How do digital images work?

A digital image is a picture that is stored on a computer. It has been digitised, which means it has been changed into a sequence of numbers that computers can understand.

There are a few ways you can make a digital image. You could create one in a piece of design software (like Paint or Photoshop), take one on a digital camera or scan one in using a scanner.

What is a pixel?

A 'pixel' (short for ‘picture element') is a tiny square of colour. Lots of these pixels together can form a digital image.

Each pixel has a specific number and this number tells the computer what colour the pixel should be. The process of digitisation takes an image and turns it into a set of pixels.

Seeing the big picture

Imagine a picture of a fish.

Lay a square grid over it.

Every one of the squares is a pixel. To store the picture, the computer simply records a number to represent the colour of each square. The more squares in the grid, the better the images will look.

It works a bit like a digital colour by numbers.

How do pixels make up a display?

If you look closely at your computer monitor you will see that the screen is made up of millions of tiny squares.

Each one of those squares is a pixel and each pixel can be one of millions of different colours.

To display an image, the computer tells the monitor to show a particular colour for each of the pixels.

What is a bitmap?

A bitmap is a method for storing images using pixels. It is called a bitmap because it is a 'map' of where the 'bits' of information are stored.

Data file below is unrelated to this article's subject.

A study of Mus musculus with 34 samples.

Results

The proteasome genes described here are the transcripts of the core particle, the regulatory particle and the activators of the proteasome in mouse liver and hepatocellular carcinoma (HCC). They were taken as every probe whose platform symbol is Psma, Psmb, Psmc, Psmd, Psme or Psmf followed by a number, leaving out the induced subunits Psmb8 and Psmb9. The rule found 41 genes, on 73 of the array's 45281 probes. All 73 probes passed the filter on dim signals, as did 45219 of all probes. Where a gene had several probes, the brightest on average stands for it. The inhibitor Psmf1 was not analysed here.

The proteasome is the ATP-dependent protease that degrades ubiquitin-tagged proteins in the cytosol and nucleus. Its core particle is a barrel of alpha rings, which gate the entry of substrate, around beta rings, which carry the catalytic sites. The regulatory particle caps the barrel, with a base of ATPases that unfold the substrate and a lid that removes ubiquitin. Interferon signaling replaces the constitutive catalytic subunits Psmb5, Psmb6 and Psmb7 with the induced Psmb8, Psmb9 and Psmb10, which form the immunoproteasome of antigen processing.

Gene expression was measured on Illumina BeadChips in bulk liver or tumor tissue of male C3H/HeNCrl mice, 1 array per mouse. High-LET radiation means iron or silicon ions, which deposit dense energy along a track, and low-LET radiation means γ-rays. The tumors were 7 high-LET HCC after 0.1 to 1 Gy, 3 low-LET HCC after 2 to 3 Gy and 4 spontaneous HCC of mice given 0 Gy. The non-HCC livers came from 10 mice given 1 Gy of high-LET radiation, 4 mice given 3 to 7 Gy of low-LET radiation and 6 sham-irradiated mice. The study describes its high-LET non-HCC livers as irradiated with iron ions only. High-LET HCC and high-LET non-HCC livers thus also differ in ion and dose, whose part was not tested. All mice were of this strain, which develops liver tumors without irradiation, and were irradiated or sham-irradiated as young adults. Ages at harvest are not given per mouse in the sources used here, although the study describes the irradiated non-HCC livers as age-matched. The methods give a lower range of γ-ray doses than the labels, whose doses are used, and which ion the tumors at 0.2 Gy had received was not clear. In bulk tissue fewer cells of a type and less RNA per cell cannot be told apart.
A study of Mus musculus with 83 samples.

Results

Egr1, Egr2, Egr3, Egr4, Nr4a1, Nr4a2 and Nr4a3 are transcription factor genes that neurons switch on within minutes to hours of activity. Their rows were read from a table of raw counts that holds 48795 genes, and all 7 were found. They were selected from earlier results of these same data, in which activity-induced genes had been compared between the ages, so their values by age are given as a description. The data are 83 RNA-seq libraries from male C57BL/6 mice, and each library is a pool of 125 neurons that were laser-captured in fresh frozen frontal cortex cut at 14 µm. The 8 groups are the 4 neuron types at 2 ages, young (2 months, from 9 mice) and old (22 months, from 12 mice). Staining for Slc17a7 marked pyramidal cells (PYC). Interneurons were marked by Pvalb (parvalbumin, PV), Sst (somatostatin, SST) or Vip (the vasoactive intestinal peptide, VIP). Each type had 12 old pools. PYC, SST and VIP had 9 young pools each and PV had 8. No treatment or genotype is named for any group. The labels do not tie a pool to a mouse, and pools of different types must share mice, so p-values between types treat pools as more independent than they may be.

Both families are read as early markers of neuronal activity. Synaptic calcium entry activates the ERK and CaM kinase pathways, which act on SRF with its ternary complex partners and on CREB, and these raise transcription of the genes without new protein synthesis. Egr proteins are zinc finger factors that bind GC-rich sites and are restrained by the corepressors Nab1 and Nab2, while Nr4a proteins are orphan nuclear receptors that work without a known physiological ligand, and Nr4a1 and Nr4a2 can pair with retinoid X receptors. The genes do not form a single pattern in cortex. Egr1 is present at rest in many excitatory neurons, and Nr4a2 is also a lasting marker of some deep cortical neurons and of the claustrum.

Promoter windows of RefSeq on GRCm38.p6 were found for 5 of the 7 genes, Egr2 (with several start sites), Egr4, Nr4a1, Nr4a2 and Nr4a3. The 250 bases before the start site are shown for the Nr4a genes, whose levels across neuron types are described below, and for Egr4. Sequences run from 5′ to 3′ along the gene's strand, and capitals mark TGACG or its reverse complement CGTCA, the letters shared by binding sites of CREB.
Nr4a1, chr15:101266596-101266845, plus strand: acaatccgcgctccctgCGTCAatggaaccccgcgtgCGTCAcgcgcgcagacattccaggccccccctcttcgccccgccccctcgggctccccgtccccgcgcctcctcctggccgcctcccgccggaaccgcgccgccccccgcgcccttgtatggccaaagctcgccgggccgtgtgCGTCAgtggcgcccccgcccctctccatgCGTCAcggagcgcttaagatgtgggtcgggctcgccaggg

This information is stored as a sequence of numbers defining the colour of each pixel.

In a simple black and white image, a bitmap just needs to know if a pixel is ‘on’ or ‘off’, which can be stored as 1 or 0. In a colour image we need lots of 'bits' (typically 24) to store the colour values of each pixel.

Bitmap is also the name for a common file format for saving images.

Find out how pictures can be represented in the form of binary digits.

Different types of image

Pixel images

Images can be saved in a number of formats, such as JPEG, TIFF, PNG and GIF. These formats all use pixels in some way to store the picture.

Vector graphics

Not all images use pixels. 'Vector’ graphics are made up of lines, curves and shapes instead of pixels. Each part of a vector graphic is editable and they can be resized very easily.

Vector graphics are great for making diagrams or graphics. They can’t normally be used to store photographic images.

Click on the image to find out about creating and manipulating digital images.

Image compression

It is possible to ‘compress’ (squeeze) an image to reduce its file size. If an image has a smaller file size it will take up less room on your computer.

There are two types of compression, ‘lossy’ and ‘lossless’.

Lossless compression

Lossless compression works by rewriting the data so it is stored more efficiently. The quality of the file will stay the same.

Lossy compression

Lossy compression works by removing some of the data. The quality of the file will be reduced.

Lossy compression means that the quality of your file will be reduced. The right side of this image has been saved using lossy compression and doesn't look as good as the left.